Recorded live with session musicians left to improvise as best they could
Sixties Rock and Jazz Rock
Morrison’s second album is a pop milestone, rarely has emotional and musical communication been more eruditely combined than by this unlikely soul man.
Astral Weeks launched Van Morrison’s career with a soul-jazz masterpiece some have called the greatest LP ever made. From the moment the title track opens you can feel a magic that few have managed to capture on tape. The sound on Chris Bellman’s 2015 remaster is so sweet, the ensemble of players in complete simpatico as their leader reaches for Nirvana.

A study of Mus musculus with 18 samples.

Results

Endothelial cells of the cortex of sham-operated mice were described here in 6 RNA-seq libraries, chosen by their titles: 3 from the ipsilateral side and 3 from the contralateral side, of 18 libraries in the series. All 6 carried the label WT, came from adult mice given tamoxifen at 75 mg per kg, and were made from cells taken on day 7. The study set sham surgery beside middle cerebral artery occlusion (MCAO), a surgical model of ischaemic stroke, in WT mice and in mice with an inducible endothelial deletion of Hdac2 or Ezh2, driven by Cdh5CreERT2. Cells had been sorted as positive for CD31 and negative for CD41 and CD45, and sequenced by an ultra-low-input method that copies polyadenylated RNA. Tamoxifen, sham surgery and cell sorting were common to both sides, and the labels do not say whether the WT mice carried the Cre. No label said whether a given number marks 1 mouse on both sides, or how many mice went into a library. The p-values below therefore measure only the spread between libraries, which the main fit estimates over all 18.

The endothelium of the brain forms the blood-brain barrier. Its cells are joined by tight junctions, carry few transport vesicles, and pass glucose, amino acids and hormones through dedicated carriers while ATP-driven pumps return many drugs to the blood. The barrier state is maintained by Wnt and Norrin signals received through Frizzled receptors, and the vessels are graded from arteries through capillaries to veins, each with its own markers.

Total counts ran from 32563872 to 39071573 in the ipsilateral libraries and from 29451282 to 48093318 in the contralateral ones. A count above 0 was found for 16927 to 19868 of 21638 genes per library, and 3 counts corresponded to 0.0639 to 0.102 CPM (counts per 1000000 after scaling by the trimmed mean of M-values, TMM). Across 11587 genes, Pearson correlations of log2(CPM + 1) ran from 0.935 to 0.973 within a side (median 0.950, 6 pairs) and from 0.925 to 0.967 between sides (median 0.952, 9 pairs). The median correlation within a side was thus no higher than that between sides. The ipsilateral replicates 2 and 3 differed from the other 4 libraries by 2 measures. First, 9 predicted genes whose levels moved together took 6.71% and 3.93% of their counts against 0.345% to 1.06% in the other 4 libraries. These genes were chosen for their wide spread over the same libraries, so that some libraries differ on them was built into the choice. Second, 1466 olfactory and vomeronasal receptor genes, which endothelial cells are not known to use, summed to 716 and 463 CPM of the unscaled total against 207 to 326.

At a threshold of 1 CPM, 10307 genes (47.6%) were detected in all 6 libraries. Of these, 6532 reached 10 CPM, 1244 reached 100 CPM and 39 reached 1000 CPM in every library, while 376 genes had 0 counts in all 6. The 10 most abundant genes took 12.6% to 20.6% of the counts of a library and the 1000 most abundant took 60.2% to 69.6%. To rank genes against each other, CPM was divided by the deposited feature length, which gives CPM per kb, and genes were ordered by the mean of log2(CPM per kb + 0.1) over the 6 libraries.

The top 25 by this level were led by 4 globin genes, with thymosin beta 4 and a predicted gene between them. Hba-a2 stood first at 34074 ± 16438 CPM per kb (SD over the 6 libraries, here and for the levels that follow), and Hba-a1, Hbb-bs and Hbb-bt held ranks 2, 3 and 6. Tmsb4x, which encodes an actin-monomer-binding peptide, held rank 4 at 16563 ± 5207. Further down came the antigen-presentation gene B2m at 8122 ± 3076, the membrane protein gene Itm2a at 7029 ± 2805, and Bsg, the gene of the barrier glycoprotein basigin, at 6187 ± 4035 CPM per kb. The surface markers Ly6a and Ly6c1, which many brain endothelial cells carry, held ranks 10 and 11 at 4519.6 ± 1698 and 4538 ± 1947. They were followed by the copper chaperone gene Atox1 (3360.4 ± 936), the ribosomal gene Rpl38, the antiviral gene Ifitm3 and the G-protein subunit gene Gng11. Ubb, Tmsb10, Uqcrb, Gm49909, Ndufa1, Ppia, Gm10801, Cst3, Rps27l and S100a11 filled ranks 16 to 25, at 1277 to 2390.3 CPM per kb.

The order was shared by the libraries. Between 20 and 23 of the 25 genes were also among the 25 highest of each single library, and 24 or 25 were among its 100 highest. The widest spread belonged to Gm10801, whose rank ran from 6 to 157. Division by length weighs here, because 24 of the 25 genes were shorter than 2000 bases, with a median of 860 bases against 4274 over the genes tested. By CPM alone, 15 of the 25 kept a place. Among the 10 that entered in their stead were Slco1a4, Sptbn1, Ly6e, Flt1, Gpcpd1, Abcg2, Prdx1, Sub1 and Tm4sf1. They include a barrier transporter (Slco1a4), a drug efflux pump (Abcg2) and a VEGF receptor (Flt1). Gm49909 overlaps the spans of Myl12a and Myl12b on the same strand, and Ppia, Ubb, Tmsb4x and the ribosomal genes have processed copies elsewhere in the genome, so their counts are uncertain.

With inspired playing on double bass, acoustic guitars, flute and soprano saxophone the side then slips into the beautiful Beside You, with Van’s heart singing of six bell’s chiming in the evening. Sweet Thing feels like John Martyn, not afraid, just feeling it.
The Harpsichord of Cypress Avenue comes across so clearly and the nine minute plus Madam George is Van Morrison at his improvisational and soulful best. The Way Young Lovers Do is all brass jabs, caressed double-bass notes and cries of passion while Slim Slow Slider ends proceedings on a mellow, bluesy vibe.
The sound is surprisingly natural and relaxed, with sparkle in the highs and depth in the voice, Young Lovers Do can challenge digital systems with its complex rhythms and mass of instruments, but overall the sound is good enough to reveal the genius of its creation. The sheer originality of Astral Weeks takes some beating - Inarticulate Speech Of The Heart indeed.